There is a There, There: The Political Geography of Cyberspace
William Gibson (appropriating Gertrude Stein’s bon mot about Oakland, California) said of cyberspace: “there is no there, there.” While this captured the feeling of Gibson’s fictional cyberpunk protagonists, it obscures all the physical “theres” that make cyberspace possible. A student post at Infranet Lab called Re-Link:The Physical Network of Data is a quick visual primer on all the stuff of cyberspace that we sometimes forget about: trans-oceanic submarine cables, landing points, and so on.
The author notes that the U.S. is the de facto physical hub of the Internet, whereas “you can count the number of lines feeding Africa on one hand.” However, the author argues:
With cheap land, availability of natural resources and proximity to Asia, Europe and South America, Africa can provide fertile grounds for international data center activity. Big Internet companies such as Microsoft, Google and Yahoo, whose data center activity is mostly concentrated in North America and Europe, can start investing in the internet infrastructure of African countries by providing better connections, and in return can be allowed to establish data centers in areas with little economic activity. These companies can take on an active role in shaping the information economy of Africa by not only providing internet connections, but also by providing jobs and training. All this cannot be achieved by corporate colonization, but through an active and dedicated participation in the growth of the information economy of the region.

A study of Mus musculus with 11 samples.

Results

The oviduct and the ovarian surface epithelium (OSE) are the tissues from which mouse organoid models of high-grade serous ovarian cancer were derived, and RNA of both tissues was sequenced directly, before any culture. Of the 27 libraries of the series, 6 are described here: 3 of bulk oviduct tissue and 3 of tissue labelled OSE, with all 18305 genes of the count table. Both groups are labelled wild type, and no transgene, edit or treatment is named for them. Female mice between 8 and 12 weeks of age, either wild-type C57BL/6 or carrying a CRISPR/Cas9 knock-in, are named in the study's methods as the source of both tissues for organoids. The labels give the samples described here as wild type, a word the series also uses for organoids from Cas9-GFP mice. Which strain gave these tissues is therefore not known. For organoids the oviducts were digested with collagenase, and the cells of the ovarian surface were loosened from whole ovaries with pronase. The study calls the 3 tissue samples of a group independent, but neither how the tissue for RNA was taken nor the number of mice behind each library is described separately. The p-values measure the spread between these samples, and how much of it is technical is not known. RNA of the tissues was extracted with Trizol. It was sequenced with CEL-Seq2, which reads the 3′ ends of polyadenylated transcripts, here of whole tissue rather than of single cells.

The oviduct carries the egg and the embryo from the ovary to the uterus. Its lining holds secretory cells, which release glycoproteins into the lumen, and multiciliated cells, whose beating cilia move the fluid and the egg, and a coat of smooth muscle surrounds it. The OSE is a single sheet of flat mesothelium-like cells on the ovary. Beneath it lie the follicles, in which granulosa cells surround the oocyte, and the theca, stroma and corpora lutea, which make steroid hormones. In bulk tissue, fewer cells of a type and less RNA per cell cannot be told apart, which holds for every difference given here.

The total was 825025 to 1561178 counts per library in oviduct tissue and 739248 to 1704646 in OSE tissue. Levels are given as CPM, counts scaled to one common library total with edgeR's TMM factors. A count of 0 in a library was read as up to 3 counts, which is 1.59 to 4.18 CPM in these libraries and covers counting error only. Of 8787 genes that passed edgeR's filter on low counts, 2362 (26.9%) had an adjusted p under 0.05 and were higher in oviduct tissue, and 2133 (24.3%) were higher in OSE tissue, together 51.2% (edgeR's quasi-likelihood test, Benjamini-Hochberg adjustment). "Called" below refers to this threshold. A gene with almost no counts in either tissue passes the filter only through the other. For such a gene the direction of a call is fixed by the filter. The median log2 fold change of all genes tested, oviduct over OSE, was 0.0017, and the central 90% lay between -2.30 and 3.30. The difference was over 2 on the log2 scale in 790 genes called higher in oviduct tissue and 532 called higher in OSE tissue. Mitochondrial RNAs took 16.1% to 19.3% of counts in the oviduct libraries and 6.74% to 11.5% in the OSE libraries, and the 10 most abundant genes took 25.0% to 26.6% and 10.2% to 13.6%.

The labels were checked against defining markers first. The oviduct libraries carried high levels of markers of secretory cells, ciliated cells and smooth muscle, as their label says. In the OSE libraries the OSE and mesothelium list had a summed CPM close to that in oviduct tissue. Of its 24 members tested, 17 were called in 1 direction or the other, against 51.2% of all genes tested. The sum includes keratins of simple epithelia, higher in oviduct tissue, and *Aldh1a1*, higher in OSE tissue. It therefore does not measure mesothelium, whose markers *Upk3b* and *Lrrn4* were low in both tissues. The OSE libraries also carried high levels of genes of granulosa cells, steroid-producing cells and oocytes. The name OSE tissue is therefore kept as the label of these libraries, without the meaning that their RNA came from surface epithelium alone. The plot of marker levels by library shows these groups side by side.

He also discusses making Africa the new hub of the internet, due to its physical location. While increasing the connectivity of Africa to the Web is important to assist development in Africa, we need, however, to keep in mind that that is not the same thing as deciding to place in Africa key infrastructure for the connectivity of the Americas to Europe to Asia. At that point, the risk of political instability becomes a key issue.
Looking at the issues of the physical infrastructure of cyberspace from a different angle, a 2008 post on Infranet Lab, Rewiring (Tele)Geography, noted one national security implication of the physical infrastructure of cyberspace:
The NY Times recently reported on the tendency of countries to redirect internet trafficaway from the United States. Intelligence agencies have previously been gifted with the convenience of a large majority of international internet usage eventually finding its way through US cables. This trend has been reversing in the last 5-8 years, as the US falls woefully behind up-to-date submarine cable updates, and as increased intraregional networks offer an ability to keep terabytes more local.
That post closed with the following observation:
What appears initially as (invisible) lines on a global map suddenly can be read as the very modern day gates and thresholds that assert the power, economic vitality, cultural credentials driving competitive urbanism. Villages such as Tarifa, Spain, strategically positioned as a constricted data threshold between the Atlantic and Mediterranean hubs, become a key information harbor at the scale of the data intraregion.
In the end, these posts with their maps showing webs of connections-thick in some places, thin in others-remind me of a more recent William Gibson aphorism, which is perhaps more apt than the one I began with:
The future is here. It’s just not evenly distributed.